Public corruption in Valley is still on the state’s radar

After Ralph Infante, the disgraced former mayor of Niles, was sent off to state prison for 10 years following his conviction on a variety of criminal charges, we wondered whether the state’s commitment to cleaning up public corruption in the Mahoning Valley would wane.

We’re no longer wondering. Indeed, we’re looking forward to another headline-grabbing case unfolding in a court of law in the not too distant future.

Like Infante, who used his public position for personal gain, Valley developer Dominic Marchionda used government to enrich himself, state prosecutors allege.

And like Infante, Marchionda is facing a slew of criminal charges.

The former mayor of Niles, one of the most prominent Democratic politicians in this region, was convicted by a jury on 22 criminal charges stemming from his long tenure in office.

Visiting Judge Patricia Cosgrove threw the book at him with the 10-year prison sentence.

The outcome of the case was a victory for Special Prosecutor Dan Kasaris of the Ohio Attorney General’s Office, members of Ohio Auditor David Yost’s Public Integrity Unit, the Trumbull County Sheriff’s Office and the Youngstown office of the FBI.

Yost’s uncompromising stance on public corruption bodes well for the Marchionda investigation and for other cases in which individuals inside and outside government have crossed over to the dark side.

As Yost told The Vindicator, which provided extensive coverage of the Infante case, “Our work is not complete in the Mahoning Valley.”

The next order of business for the Yost juggernaut is the trial of developer Marchionda, who was indicted in October by a Mahoning County grand jury on 101 criminal counts. The charges are related to development projects the owner of NYO Property Group launched in downtown Youngstown. Government dollars were used in some of the projects.

Starring role

Marchionda, who had a starring role in the grand opening of the DoubleTree by Hilton hotel in Youngstown, is alleged in the indictment to have given a $25,000 bribe to former city Finance Director David Bozanich.

Bozanich has not been charged, but there are rumblings he will be indicted after a superseding indictment is filed against Marchionda.

Bozanich is no longer with Youngs-town city government and has denied any wrongdoing.

Marchionda, who has given up management of his company, is facing charges ranging from engaging in a pattern of corrupt activity to money laundering to aggravated theft.

Yost is aware that this newspaper has been unwavering in its demand that the crackdown on public corruption must target both government officials and individuals who bribe them with money and other items of value.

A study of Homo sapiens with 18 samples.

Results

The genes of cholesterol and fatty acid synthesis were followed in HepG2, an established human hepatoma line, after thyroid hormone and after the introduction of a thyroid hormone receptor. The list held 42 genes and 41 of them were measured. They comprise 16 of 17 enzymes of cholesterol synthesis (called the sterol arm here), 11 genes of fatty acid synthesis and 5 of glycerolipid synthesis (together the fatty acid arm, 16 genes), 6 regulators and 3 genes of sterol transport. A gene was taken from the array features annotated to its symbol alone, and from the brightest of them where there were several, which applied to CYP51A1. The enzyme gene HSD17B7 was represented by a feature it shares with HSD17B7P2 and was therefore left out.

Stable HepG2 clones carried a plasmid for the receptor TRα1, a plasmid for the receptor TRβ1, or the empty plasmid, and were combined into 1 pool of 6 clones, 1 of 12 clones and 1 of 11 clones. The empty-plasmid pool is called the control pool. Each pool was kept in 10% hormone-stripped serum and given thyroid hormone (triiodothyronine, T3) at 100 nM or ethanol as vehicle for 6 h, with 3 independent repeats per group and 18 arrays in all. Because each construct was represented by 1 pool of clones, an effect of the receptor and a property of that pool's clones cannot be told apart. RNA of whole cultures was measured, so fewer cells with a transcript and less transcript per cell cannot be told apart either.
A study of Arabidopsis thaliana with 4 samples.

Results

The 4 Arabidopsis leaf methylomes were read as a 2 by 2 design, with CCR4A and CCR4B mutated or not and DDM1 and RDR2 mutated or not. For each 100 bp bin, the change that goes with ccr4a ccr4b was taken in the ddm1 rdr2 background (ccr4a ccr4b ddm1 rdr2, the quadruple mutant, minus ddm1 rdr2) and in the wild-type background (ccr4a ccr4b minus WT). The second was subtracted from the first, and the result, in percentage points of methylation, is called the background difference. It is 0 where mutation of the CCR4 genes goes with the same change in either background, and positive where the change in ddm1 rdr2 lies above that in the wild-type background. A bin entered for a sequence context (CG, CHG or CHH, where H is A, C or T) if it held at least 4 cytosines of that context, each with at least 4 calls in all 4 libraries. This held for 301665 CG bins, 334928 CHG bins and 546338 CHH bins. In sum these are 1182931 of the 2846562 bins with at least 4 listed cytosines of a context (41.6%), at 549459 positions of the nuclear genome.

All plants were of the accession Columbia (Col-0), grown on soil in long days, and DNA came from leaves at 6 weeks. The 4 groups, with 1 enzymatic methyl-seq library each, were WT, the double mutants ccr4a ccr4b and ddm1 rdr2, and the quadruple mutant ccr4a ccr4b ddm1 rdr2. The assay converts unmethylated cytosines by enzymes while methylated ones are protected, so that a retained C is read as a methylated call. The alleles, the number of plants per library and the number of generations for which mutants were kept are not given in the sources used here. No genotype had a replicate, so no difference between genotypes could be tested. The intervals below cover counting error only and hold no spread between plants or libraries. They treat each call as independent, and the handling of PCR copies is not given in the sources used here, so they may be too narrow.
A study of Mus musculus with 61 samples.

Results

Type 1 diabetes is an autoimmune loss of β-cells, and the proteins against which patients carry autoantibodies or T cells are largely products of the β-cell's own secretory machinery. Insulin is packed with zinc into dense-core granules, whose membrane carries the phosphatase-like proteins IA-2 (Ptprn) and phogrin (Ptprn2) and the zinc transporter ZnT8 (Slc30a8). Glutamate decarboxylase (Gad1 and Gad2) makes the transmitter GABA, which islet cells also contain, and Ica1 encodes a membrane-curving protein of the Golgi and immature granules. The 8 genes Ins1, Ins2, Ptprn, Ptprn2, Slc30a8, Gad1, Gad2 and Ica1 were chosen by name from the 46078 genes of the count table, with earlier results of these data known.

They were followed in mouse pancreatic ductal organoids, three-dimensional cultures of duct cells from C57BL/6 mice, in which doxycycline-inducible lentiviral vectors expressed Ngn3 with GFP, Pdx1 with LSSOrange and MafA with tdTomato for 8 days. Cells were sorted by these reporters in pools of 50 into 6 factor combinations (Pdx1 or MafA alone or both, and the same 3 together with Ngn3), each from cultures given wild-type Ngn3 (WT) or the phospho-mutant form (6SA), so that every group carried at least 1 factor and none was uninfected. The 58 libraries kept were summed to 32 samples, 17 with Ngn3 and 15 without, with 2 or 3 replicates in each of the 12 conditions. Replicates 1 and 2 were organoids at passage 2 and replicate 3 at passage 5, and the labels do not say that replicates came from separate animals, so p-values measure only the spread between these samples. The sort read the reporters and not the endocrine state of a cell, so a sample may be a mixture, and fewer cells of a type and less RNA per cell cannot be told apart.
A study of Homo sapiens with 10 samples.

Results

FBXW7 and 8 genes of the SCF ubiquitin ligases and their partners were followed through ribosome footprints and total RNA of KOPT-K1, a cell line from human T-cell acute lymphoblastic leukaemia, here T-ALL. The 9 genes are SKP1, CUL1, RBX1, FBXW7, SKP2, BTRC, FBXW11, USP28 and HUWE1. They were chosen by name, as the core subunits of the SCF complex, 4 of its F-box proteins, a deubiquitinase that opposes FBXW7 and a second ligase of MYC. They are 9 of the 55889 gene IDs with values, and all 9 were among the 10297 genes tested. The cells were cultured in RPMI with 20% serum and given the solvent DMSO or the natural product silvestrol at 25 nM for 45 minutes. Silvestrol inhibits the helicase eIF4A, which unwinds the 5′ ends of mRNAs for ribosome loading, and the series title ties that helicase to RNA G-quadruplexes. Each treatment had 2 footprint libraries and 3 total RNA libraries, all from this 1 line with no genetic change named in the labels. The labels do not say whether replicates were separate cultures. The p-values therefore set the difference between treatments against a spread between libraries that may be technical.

We have long rejected the idea embraced by Ohio Attorney General Mike DeWine, the Republican nominee for governor, that the main goal is to rid government of corrupt public officials.

That cockeyed view of such white-collar crimes was evident when the attorney general gave prominent Valley businessman Anthony M. Cafaro Sr. a pass in the Oakhill Renaissance Place criminal enterprise.

State prosecutors identified Cafaro, retired president of the Cafaro Co., as the mastermind of the criminal enterprise, but DeWine chose not to go after him.

The state’s chief law-enforcement officer obviously believed the convictions of former Youngstown Mayor John A. McNally, whose involvement in the Oakhill scandal stemmed from his tenure as a Mahoning County commissioner, former county Auditor Michael Sciortino, and Youngstown Atty. Michael Yavorcik would appease honest Valley residents. He was wrong.

As we’ve argued ad nauseam in this space, there wouldn’t be public corruption if there weren’t officeholders and others in government eager to be corrupted, and well-heeled individuals in the community willing to corrupt them.

We’ve also insisted there can be no sacred cows when it comes to cleaning up the corruption that has undermined the Valley’s economic revival.

We, therefore, caution Ohio Auditor Yost, state prosecutors and investigators not to be swayed by some in the community who view Dominic Marchionda as the savior of downtown Youngstown.

The 101-count indictment lays out a pattern of behavior that certainly does not justify putting him on a pedestal.

Marchionda had his moment in the spotlight during the grand opening of the hotel. Now, the light of justice must shine on his alleged crimes. He has pleaded not guilty to the charges.